They said it couldn’t be done, but we’ve released a feature that lets you control which angels see your startup on AngelList. When you add your startup to AngelList, you’ll see a button to pick your angels:

Click it, and this beast will pop up:

Then pick the angels who should see your startup. The angels you don’t pick won’t get access to your startup at all.

You can search for angels by name:

And you can filter the list by fund type (angel, VC, seed fund…), activity (is the angel actually taking meetings and doing investments on AngelList), and location.

So what the hell is this good for?

Avoid angels who’ve invested in competitors, keep your pitch hidden while you’re still editing it, avoid VCs, embrace VCs, pitch VCs on your Series A, test out your pitch on half the list first, pitch local investors, et cetera, et cetera.

In general, unless you really know what you’re doing, you should select everyone on AngelList. If the AngelList admins decide to mail your startup to the investors you’ve selected, you’ll get more intros if you pick all the angels. And if the admins don’t think your startup is ready for an email, the angels who review all the startups that join AngelList might decide to take an intro on their own. Again, you’re more likely to get “crowd sourced” by the angels if you select more angels.

Please let us know how you use this new tool. We’ve tested it on Chrome, Safari and Firefox too. IE is another story. Anyway, if you haven’t tried Chrome, you should give it a go — my mom likes it.

Topics AngelList

6 comments · Show

  • Rick Wittenbraker

    Kudos to the Venture Hacks / Angel List team for walking the walk: solving a pain point in the market, listening to your audience, rapid iteration, creating value. As both an entrepreneur and an investor, I thank you all. Puh-LEASE keep up the great work.

  • Natalie Hodge

    Thanks for the addition. Our social proof is evolving and it will be nice to have the profile hidden until we are ready. And we’re a healthcare service business , so until you have investors in healthcare service, there’s no point investors only interested in tech seeing our deal, really. I look forward to your advice and feedback, you have helped us sign a proven early stage CEO and build a proven team to execute our plan… The next blogposts I’d like to see are governance, ( taking your board from the two founder dynamic, to the strategies to build a board that will be seen by investors as having the appropriate checks and balances, as well as strategic board that can rapidly accelerate our companies distribution channels)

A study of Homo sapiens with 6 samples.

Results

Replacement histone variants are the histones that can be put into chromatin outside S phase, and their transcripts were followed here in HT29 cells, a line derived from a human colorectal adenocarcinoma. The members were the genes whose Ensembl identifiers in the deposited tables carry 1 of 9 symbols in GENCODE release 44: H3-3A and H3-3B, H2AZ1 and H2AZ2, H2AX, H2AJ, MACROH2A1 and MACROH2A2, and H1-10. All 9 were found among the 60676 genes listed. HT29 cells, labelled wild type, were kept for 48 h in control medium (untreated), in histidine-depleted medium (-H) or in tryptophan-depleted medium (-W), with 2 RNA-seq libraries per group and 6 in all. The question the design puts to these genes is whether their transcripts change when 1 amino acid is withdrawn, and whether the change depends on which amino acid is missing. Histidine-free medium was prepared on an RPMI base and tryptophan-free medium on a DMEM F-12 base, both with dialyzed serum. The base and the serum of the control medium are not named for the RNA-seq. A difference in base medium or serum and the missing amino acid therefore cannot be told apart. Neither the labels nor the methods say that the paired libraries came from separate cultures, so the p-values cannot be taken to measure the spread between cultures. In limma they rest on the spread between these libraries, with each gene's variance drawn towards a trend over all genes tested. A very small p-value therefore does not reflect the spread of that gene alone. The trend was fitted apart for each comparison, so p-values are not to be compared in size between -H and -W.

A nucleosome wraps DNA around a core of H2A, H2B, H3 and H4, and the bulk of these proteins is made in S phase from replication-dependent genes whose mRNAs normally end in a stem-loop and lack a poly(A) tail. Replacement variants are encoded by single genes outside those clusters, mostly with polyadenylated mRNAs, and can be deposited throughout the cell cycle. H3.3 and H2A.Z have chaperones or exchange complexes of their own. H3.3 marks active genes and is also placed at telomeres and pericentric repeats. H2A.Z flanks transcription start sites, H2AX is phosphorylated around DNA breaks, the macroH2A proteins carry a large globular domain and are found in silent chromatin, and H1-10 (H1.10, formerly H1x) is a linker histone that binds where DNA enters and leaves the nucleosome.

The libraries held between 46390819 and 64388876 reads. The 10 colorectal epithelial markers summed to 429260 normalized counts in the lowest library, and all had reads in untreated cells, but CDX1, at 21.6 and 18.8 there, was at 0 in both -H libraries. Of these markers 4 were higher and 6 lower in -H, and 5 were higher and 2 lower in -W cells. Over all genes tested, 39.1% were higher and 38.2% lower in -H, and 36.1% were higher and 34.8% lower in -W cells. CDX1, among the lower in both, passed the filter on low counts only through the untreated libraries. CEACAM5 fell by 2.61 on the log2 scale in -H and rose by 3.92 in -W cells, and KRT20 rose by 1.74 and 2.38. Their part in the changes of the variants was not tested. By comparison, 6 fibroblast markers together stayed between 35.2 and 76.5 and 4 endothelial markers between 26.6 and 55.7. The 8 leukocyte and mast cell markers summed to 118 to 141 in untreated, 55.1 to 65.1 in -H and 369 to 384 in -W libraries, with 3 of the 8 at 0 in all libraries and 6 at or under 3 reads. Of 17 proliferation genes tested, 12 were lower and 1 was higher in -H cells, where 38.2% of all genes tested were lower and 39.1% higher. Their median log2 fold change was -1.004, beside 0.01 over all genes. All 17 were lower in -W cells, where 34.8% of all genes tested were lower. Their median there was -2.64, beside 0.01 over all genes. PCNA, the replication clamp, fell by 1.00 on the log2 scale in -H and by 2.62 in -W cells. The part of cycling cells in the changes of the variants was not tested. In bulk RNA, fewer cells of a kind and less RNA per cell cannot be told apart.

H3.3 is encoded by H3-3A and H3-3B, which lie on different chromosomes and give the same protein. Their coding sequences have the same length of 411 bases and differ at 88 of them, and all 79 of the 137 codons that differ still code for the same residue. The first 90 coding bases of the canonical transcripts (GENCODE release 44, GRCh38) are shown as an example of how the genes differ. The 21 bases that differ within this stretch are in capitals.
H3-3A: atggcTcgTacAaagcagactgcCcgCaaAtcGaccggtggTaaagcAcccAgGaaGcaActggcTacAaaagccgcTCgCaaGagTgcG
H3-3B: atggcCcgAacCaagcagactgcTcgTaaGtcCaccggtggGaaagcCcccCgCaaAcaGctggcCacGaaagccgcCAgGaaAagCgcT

The second I’d like to see is once we meet market fit, how do you see founders best fitting in to the company, and what are the roles founders are best suited to after finding product market fit? It seems to me that as a founder and user of our healthcare mobile platform for doctors, that I can be best suited as a continual user of the platform in practice and filtering advice from our physician customers back to our executive team? I look forward to your advice and feedback?


    Natalie Hodge MD FAAP

  • Lucas Dailey

    This is great news!

    We were just mulling this issue over earlier in the week. We’d like to use Angel List, but most of our competitors investors use it, and we’d like to stay as stealthy as possible until our public launch.

    Thank you.

  • Luke G

    Sweet feature. Have you thought about integrating the LinkedIn API to let folks see which angels they’re connected to (and how many intros away they may be)?

  • franchiseguy01

    Nice feature. Controlling the visibility of your start up let us manage our start up more effectively.

  • Lean Education

    When you add your startup to AngelList, you will have the option to select the angels you think should see your startup. If you don’t pick them, these angels will not have access to your information. You will be able to search for investors by name, as well as filter the list by fund type , activity and location.